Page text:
To prevent the next pandemic research suggests we need to restore wildlife habits | Catch My Job


UNIVERSITY PARK, Pa. — Preserving and restoring natural habitats in specific locations could prevent pathogens originating from wildlife from spilling over into domesticated animals and humans, according to new research led by an international team of researchers, including Penn State.

The research, carried out in Australia, found that when bats lose winter habitats and lack food in their natural habitats, their populations split and they excrete more virus. Bats disturbed by a lack of food move near humans in agricultural and urban areas. The team studied Hendra virus, a deadly virus that flows from fruit bats to horses and then infects people.

“One of the biggest challenges we face are threats from bat-borne viruses that spill over into humans and have the potential to cause pandemics. Ebola, MERS, SARS, SARS-CoV-2, Nipah and Hendra are all good examples of this,” said Peter Hudson, Willaman Professor of Biology, Penn State. “The response to the pandemic has been to find ways to speed up the development of vaccines, but as infections invariably spread much faster than the introduction of the vaccine, this reactive response will never stop a pandemic. Instead, the solution is to prevent viral spillover from bats to humans.”

The team’s research, published on November 16 in Nature, combined multiple data sets over 25 years on bat behavior, distributions, reproduction and food availability, along with records of climate, habitat loss and environmental conditions. In order to link these data and seek insight into the causes the researchers used Bayesian network models.

They documented more than 60 Hendra virus spillover events during the 25-year period. Although previous research has shown a correlation between habitat loss and the influx of pathogens, this study reveals for the first time a mechanism for how and why viruses transfer from bats to humans. Furthermore, their work provides a method to predict and prevent them.

“Bats usually live in large aggregations with thousands of bats in camps and will move great distances for their sugary nectar. We found that following a severe El Nino (high temperature in the Pacific) climatic event, the cold and rainy weather inhibited flower production,” said Hudson. “With a lack of food, the young of the bats die and the hungry adults move away to small aggregations where they start shedding virus – often in habitats they have never been seen in before .”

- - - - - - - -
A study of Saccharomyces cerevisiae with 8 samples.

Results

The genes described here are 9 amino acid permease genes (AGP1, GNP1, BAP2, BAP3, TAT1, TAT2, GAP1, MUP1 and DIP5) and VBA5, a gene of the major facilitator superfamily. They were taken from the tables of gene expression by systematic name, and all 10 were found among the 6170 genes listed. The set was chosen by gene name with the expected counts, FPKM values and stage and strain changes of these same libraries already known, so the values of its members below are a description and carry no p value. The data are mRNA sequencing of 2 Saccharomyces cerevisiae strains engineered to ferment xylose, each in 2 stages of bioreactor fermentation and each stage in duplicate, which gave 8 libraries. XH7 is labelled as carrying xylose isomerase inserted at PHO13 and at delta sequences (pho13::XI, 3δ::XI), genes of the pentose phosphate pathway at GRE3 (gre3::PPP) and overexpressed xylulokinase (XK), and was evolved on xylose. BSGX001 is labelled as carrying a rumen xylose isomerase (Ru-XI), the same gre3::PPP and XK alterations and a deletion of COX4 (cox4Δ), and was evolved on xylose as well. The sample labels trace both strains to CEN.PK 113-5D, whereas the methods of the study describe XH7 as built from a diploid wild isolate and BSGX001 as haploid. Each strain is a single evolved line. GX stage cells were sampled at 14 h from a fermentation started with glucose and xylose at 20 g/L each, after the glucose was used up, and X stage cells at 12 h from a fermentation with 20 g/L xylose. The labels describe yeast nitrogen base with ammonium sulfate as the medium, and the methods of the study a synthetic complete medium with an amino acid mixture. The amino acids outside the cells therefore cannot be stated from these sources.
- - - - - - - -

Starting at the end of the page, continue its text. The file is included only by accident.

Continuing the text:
“In agricultural areas, the bats shed the virus when they re-grow half-eaten fruit or transfer the virus in urine and faeces to the pasture where horses graze. The horses then become infected with the Hendra virus and exhibit severe neurological symptoms,” said Hudson. “And when the concerned owners come to examine the sick horse they get a large dose of the fatal virus.”

Much to their surprise, the researchers discovered that when the stands of eucalyptus trees that remained in winter bloomed, a large number of bats flocked to these areas. During those flowering events, pathogen spillover stopped immediately. Hudson said, “it was like the perfect experiment – any unexpected flowering stopped immediately.”

“We think this shows how important it is to restore native habitats, and we are developing ideas for restoring vital food trees for bats, effectively planting trees for human health,” Hudson said.

Raina Plowright, professor in the Department of Public Health and Ecosystem at the College of Veterinary Medicine, added, “Right now, the world is focused on how we can prevent the next pandemic. Unfortunately, preserving or restoring nature is rarely part of the discussion. We hope this paper will bring prevention and nature-based solutions to the forefront of the conversation.”

Other authors on the paper include Peggy Eby, University of New South Wales; Alison Peel, Griffith University; Andrew Hoegh, Montana State University; Wyatt Madden, Montana State University; and John Giles, Johns Hopkins Bloomberg School of Public Health.

The National Science Foundation, the US Defense Advanced Research Projects Agency, and the US National Food and Agriculture Organization, and the Australian Research Council, supported this research.